CORRECTED: The original post gave incorrect information about a letter Hagan, Burr and other senators sent to White House about payment to Medicaire Advantage beneficiaries.
Another “dark money” group launched an ad campaign in North Carolina on Friday against Sen. Kay Hagan. American Action Network, a nonprofit that doesn’t have to disclose donors, is spending $240,000 in the state on a TV ad in Greensboro and mail and online advertising statewide.
It’s part of a $1 million campaign targeting two other senators who, like Hagan, are in tight re-election races, Mary Landrieu of Louisiana and Mark Pryor of Arkansas, and six members of the U.S. House of Representatives. (See Hagan ad below.)
The ad opens with two people in what looks like a doctor’s waiting room watching a TV clip of President Obama saying people would be able to keep their insurance plans and doctors, and that “nobody is talking about reducing Medicare benefits.” The words “Lie of the year” appear.
Digital Access for only $0.99
For the most comprehensive local coverage, subscribe today.
“We know that’s not true because for the second year in a row, the Obama Administration has proposed deep rate cuts to the Medicare Advantage Seniors rely on,” the narrator says.
The rate reductions are to the amount Medicare pays to the private companies that run Medicare Advantage. They are required in the Affordable Care Act, and they’re intended to phase down the extra payments to Medicare Advantage per beneficiary compared to what traditional Medicare pays. The rates also are being reduced because the growth of Medicare costs has slowed. Read more here.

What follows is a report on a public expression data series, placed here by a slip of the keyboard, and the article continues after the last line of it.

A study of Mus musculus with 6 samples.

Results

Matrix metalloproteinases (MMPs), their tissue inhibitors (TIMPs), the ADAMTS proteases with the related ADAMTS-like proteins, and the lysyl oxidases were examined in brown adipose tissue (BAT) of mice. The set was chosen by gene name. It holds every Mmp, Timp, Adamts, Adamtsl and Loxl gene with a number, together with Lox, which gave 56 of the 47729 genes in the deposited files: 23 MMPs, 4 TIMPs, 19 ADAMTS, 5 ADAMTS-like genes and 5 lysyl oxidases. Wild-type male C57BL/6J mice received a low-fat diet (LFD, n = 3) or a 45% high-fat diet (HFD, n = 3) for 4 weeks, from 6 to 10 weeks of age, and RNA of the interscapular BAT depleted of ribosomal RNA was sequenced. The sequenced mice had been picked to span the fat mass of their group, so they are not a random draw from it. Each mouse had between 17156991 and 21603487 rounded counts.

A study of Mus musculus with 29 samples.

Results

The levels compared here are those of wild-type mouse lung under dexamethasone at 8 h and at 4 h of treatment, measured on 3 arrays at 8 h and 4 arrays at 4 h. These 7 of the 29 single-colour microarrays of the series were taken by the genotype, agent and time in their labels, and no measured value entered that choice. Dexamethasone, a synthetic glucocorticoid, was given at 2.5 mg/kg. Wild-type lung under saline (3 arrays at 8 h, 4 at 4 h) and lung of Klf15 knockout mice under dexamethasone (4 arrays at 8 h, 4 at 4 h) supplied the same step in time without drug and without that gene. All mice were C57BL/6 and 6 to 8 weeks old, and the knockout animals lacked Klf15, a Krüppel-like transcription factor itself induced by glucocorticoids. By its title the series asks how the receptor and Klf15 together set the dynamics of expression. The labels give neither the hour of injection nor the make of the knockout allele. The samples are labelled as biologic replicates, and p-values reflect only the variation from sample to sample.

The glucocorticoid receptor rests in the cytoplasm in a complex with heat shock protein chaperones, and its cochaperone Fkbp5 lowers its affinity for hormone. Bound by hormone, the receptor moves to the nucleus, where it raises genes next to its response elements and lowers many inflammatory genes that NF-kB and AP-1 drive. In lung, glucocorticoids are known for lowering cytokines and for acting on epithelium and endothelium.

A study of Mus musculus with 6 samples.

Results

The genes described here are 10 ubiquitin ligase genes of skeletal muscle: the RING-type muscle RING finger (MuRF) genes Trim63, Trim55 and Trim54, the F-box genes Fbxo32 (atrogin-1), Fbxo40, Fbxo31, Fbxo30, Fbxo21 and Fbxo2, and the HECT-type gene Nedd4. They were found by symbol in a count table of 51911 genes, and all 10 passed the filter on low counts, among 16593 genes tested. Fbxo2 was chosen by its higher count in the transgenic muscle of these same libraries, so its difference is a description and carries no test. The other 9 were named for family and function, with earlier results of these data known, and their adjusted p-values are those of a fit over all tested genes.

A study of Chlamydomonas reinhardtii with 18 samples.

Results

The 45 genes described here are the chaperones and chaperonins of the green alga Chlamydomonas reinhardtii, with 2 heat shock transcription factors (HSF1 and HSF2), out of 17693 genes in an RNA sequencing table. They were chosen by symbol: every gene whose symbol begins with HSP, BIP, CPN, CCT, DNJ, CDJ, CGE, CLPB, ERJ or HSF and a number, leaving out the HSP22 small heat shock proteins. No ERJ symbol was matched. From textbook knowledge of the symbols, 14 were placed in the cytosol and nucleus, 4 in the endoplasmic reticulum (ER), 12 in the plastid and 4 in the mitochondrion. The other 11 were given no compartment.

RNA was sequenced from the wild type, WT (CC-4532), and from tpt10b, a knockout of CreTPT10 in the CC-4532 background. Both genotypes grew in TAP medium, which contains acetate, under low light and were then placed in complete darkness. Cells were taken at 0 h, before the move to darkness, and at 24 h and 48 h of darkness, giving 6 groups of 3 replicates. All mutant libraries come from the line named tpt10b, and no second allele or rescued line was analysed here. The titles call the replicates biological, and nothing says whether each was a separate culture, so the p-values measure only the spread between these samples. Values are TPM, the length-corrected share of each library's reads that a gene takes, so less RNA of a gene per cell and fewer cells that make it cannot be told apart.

The rates paid to the insurance companies for Medicare Advantage are adjusted annually at this time of year. The next rate change is due in early April.
American Action Network says that seniors will face higher premiums, fewer doctor choices and fewer benefits if the rates are reduced. The 30-second ad points out that Hagan supported the health care law. It asks people to put pressure on her to oppose the Medicare Advantage cuts.
Hagan did that in February in a letter she signed with 39 other senators, including Republican Sen. Richard Burr, asking the administration “maintain payment levels that will allow MA beneficiaries to be protected from disruptive changes in 2015.” .
“Token support is not enough. It’s time Senator Hagan actually stands up and fights to stop President Obama from gutting Medicare Advantage for Obamacare,” said Emily Davis, a spokeswoman for American Action Network. The group is a conservative organization run by former Republican Sen. Norm Coleman of Minnesota.
Hagan’s campaign said the ad was misleading.
“North Carolinians know that Kay is a champion for seniors who has always stood up against special interests to protect Medicare and Social Security,” said campaign spokeswoman Sadie Weiner. “Secretive groups are piling money into the state to scare North Carolinians and buy this election for someone like Thom Tillis who will peddle their agenda. Those outside groups won’t tell you that Thom Tillis supports a dangerous agenda on Medicare that would turn it into a voucher program and make seniors pay more for prescription drugs.”
The health care law, which Hagan supported, does not weaken Medicare Advantage, the campaign said. The law also provided savings in Medicare for prescription drugs and free preventive care.
Americans for Prosperity, another group that doesn’t disclose donors, has spent $8.3 million in issue ads against Hagan.